Myanmar has revised a controversial copper mine deal with a Chinese company, say officials, after a series of protests against the project that triggered a violent police crackdown.
The new terms give the Myanmar government 51 percent of the revenue, Minister of Mines Myint Aung told parliament, in an apparent attempt to assuage public anger by giving the nation a share of the profits.
Chinese firm Wanbao will receive 30 percent of the revenue from the Letpadaung mine while military-owned Myanmar Economic Holding (MEH) will take 19 percent.
Previously the mine at Monywa in central Myanmar was a joint venture between Wanbao and MEH.
Wanbao will also contribute several million dollars each year for corporate social responsibility activities and for the eventual mine reclamation process, Myint Aung said.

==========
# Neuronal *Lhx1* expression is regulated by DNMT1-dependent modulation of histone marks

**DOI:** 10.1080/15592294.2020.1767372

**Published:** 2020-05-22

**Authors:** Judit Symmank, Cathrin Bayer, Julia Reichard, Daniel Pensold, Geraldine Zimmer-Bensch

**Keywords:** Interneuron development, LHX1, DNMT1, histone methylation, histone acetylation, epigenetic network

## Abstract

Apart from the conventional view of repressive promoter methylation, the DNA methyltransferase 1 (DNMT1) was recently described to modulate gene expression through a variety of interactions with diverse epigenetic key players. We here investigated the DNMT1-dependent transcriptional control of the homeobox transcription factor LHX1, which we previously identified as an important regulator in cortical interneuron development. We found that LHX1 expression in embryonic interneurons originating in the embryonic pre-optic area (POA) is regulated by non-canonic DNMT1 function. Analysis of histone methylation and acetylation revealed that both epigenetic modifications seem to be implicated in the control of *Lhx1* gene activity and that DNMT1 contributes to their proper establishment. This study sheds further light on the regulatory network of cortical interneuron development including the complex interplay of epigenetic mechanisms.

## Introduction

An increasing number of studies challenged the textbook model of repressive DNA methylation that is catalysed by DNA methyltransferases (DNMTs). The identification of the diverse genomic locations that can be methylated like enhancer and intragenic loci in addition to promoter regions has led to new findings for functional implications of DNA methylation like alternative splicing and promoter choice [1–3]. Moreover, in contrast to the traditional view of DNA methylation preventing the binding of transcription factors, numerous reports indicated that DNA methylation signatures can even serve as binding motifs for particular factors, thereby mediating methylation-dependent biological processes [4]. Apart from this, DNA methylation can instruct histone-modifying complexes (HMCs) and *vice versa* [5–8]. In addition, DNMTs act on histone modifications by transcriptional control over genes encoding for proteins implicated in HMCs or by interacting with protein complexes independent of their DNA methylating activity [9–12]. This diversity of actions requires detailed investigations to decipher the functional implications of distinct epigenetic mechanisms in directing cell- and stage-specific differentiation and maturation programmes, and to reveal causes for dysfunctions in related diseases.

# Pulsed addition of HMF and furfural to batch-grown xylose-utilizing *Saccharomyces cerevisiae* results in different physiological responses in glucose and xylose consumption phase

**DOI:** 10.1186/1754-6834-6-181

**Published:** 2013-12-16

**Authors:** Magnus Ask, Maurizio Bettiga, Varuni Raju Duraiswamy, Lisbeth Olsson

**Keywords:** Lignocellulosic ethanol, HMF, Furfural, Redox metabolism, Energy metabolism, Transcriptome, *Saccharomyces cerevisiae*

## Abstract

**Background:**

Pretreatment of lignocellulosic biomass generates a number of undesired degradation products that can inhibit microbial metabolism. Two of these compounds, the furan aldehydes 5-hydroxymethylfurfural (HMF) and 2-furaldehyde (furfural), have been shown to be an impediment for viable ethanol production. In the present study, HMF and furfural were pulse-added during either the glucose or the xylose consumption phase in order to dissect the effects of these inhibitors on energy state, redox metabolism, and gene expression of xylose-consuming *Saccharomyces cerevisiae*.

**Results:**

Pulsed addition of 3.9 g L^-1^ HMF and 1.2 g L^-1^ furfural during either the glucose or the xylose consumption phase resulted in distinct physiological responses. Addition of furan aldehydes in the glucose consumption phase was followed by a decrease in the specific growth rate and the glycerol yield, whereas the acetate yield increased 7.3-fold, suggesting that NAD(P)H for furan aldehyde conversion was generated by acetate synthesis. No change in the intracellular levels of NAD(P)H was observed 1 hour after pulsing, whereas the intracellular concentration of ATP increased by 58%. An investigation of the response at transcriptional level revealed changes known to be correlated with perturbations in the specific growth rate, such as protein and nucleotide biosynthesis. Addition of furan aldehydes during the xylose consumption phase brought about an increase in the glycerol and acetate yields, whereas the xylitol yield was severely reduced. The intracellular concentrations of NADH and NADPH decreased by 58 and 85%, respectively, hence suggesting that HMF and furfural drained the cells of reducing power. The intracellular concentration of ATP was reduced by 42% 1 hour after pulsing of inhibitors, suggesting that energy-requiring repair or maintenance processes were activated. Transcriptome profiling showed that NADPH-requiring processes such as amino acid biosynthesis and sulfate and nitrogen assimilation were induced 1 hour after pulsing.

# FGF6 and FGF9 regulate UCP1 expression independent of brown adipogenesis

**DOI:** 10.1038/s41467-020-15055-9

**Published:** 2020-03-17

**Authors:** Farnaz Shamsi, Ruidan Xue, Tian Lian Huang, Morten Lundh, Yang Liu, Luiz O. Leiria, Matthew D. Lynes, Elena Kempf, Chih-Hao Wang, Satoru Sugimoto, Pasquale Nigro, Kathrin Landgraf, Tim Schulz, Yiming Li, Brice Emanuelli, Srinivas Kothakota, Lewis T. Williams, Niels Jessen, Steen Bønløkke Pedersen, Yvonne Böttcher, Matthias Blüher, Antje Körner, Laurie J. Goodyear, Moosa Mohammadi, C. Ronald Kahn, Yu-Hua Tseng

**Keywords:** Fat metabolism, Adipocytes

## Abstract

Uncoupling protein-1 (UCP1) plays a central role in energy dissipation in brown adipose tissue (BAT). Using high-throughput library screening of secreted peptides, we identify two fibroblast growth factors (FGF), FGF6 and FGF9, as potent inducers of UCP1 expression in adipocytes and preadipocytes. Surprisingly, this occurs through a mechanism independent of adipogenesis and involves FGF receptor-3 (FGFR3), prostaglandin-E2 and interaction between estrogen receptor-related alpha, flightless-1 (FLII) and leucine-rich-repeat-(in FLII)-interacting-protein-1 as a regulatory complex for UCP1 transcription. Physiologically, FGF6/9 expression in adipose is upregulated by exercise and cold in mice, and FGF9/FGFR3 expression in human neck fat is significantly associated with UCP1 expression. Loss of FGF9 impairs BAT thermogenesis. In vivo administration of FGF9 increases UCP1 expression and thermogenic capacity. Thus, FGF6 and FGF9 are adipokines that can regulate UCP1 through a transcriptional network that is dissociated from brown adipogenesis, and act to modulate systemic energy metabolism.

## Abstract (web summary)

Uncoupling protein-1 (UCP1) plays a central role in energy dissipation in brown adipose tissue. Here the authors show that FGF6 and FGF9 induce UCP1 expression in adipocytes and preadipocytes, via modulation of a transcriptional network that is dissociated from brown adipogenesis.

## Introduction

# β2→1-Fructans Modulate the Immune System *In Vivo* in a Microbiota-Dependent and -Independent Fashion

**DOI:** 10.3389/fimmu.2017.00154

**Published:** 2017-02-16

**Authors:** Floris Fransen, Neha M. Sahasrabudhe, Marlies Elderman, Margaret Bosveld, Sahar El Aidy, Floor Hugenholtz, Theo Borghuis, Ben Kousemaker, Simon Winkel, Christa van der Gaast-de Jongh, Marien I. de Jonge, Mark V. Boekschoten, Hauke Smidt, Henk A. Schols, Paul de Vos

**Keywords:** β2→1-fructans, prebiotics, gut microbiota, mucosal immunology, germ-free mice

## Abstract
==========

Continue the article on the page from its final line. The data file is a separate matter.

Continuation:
A botched raid on a protest at the copper mine last November sparked an outpouring of anger after police used phosphorus against protesters, in the harshest crackdown since the end of military rule.
Dozens of monks and villagers were injured in the raid, which came as protesters tested the limits of new-found freedoms under a quasi-civilian government.
Even opposition leader Aung San Suu Kyi, who is normally venerated around the country, was heckled by villagers earlier this year after she recommended that the mine be allowed to go ahead, despite concerns over its environmental impact and land-grabbing.
Villagers living in the area said Thursday they would keep up their resistance to the project.
"Our intention is to stop the copper mine project completely," farmer San Maung told AFP by telephone, vowing to maintain peaceful opposition.
"We will protest if needed. We rely on this mountain for our living... We will also oppose it because there's no transparency," he added.
Rights campaigners have expressed concern at the continuing arrest of activists opposed to the mine in recent months, despite a pledge by President Thein Sein to free all political prisoners by the end of this year.